Wednesday marked a major shakeup in the Apple hierarchy, as the company’s CEO and co-founder officially resigned. He will be replaced by Tim Cook, who previously held the title of Apple’s chief operating officer.
The official resignation by Jobs does not come as a complete surprise, as he had recently been plagued by various health problems. Jobs turned over Apple’s reigns to Cook in January of this year when he was forced to take an indefinite medical leave. It was his third such leave in recent years, but he was determined to return to his position, stating, “I love Apple so much and hope to be back as soon as I can.”
Jobs’ unfortunate medical history began in August of 2004, when he had surgery to treat a rare form of pancreatic cancer. The procedure was a success, and Jobs returned to work the next month. He ran into problems once again in January of 2009, when he claimed that his body’s ability to absorb proteins was being hindered due to a hormonal imbalance. Jobs had liver transplant surgery in April of that year which kept him sidelined until July.
The string of health problems appear to have been his final undoing, as Jobs proclaimed that he was no longer able to perform as CEO in a letter to the Apple’s board members as well as the company’s vast community. He said, “I have always said if there ever came a day when I could no longer meet my duties and expectations as Apple's CEO, I would be the first to let you know. Unfortunately, that day has come.”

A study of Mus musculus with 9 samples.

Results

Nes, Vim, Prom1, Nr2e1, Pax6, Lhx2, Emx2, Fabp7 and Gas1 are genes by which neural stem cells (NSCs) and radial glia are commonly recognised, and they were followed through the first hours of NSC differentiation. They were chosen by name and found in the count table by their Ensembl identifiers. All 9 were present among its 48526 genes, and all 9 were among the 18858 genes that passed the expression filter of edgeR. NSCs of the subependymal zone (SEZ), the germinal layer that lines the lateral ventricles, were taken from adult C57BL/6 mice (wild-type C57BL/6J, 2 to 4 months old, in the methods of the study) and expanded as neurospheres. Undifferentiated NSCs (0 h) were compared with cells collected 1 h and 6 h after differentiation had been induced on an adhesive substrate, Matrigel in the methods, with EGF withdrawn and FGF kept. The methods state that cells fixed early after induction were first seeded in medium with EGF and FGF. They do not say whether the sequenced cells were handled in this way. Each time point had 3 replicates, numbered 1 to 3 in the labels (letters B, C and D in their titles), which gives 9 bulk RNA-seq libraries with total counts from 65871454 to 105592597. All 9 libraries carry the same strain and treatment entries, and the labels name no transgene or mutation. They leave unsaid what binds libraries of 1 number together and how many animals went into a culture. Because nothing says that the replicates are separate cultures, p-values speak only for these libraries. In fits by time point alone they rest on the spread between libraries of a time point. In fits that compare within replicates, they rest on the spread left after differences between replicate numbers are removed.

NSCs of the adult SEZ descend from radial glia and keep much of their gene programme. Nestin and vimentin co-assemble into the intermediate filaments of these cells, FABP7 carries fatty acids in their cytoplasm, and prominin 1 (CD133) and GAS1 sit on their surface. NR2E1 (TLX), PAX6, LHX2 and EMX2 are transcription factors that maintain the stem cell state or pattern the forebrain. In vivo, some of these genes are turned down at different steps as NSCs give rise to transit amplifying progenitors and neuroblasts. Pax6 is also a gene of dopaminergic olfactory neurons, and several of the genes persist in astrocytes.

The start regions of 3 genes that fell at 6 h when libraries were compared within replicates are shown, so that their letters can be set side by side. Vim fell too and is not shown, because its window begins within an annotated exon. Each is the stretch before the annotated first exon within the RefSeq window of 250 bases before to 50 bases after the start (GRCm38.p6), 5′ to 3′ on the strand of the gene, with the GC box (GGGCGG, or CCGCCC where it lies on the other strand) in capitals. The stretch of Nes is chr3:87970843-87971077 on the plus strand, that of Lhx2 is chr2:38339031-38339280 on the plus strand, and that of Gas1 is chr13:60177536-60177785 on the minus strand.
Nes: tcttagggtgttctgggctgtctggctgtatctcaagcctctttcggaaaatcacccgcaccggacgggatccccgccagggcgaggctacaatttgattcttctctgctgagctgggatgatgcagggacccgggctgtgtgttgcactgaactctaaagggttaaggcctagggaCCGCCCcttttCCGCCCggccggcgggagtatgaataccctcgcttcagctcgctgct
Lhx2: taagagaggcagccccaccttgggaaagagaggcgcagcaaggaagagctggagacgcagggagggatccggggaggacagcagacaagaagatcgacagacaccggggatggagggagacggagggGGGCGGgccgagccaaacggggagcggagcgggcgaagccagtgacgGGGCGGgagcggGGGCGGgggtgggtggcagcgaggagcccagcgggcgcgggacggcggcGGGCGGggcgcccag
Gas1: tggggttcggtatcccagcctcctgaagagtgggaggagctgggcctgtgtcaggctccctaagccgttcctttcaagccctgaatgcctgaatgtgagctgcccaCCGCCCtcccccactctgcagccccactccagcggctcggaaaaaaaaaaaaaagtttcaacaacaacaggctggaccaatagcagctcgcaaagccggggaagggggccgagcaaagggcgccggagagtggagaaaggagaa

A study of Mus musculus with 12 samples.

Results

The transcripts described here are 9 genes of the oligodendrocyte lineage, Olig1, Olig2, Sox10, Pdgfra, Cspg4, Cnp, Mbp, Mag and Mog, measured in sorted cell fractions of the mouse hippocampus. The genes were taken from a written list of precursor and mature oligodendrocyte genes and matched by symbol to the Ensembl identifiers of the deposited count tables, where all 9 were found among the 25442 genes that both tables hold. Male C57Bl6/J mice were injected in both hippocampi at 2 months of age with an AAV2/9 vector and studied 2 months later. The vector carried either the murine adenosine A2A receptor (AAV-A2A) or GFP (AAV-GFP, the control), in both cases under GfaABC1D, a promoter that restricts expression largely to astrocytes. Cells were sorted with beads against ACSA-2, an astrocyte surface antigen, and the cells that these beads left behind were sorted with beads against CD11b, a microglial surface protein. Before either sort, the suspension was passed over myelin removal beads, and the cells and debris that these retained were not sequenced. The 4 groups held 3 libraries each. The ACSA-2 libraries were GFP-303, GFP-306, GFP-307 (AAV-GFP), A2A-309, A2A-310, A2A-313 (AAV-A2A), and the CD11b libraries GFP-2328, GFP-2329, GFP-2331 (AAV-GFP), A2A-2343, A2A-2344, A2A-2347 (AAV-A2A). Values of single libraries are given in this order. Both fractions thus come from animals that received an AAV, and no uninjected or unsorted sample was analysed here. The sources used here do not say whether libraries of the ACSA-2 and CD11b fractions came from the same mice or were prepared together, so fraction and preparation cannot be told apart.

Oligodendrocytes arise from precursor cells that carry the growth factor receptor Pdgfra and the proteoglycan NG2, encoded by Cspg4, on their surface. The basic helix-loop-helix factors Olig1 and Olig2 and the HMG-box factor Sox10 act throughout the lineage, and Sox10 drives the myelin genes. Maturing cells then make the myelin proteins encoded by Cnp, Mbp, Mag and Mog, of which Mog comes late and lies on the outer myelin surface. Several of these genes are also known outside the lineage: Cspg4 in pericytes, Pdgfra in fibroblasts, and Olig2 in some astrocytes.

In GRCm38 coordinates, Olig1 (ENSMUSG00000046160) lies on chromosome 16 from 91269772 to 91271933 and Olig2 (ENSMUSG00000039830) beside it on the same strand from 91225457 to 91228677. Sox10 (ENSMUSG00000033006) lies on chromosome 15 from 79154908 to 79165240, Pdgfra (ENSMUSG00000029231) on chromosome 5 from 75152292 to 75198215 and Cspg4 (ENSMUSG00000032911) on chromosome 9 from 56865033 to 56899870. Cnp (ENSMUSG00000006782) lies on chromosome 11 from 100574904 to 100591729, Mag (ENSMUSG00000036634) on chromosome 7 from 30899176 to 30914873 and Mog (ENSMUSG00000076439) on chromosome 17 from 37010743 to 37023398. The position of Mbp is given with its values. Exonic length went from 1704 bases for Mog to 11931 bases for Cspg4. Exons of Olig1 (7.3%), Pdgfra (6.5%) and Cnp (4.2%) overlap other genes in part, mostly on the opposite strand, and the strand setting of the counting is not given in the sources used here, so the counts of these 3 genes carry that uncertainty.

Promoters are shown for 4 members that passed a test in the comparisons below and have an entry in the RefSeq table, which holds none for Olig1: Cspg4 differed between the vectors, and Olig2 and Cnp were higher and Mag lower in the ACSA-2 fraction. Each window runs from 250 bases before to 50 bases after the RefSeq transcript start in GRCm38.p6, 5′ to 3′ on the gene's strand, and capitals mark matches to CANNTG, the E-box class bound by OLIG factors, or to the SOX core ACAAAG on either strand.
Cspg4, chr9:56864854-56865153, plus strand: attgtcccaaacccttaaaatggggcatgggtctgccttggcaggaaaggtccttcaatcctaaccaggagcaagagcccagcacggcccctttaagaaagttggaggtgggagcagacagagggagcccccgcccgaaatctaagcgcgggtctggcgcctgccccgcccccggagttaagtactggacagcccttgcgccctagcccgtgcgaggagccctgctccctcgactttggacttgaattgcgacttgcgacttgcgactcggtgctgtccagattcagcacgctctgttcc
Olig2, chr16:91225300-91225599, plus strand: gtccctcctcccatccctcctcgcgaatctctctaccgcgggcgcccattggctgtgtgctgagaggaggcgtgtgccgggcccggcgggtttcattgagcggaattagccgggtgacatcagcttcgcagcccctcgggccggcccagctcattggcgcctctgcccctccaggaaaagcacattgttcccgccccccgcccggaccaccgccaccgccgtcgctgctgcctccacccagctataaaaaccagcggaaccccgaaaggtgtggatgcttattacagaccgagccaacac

While his CEO days may be over, Jobs expressed the desire to continue contributing to the company as chairman of the board, director, and even as an employee. He noted that such involvement would be subject to the board’s approval. Jobs finished his letter on a positive note, stating, “Apple's brightest and most innovative days are ahead of it.” Jobs’ last major public appearance as CEO of Apple occurred a couple of months ago during the Worldwide Developers Conference in June. The conference was used as a springboard for the company’s introduction of its iCloud service and iOS5.
Tim Cook’s career with Apple began in 1998. Cook had served as Jobs’ right-hand man for a lengthy period, and his duties included figurehead appearances at product launches, as well as leading several earning calls with investors and shareholders meetings. The 50 year old assumed the position of chief operating officer in 2004. Cook’s new role as CEO kicks off a new era for Apple, but the company’s booming success combined with his solid experience should make it a prosperous one.
Apple recently held the distinction of being the world’s most valuable company thanks to its $330 billion-plus market capitalization. Apple’s line of highly-noticeable products, including the Mac, iPhone, iPad, and iPod, has created an army of loyal followers and helped it separate itself from competitors.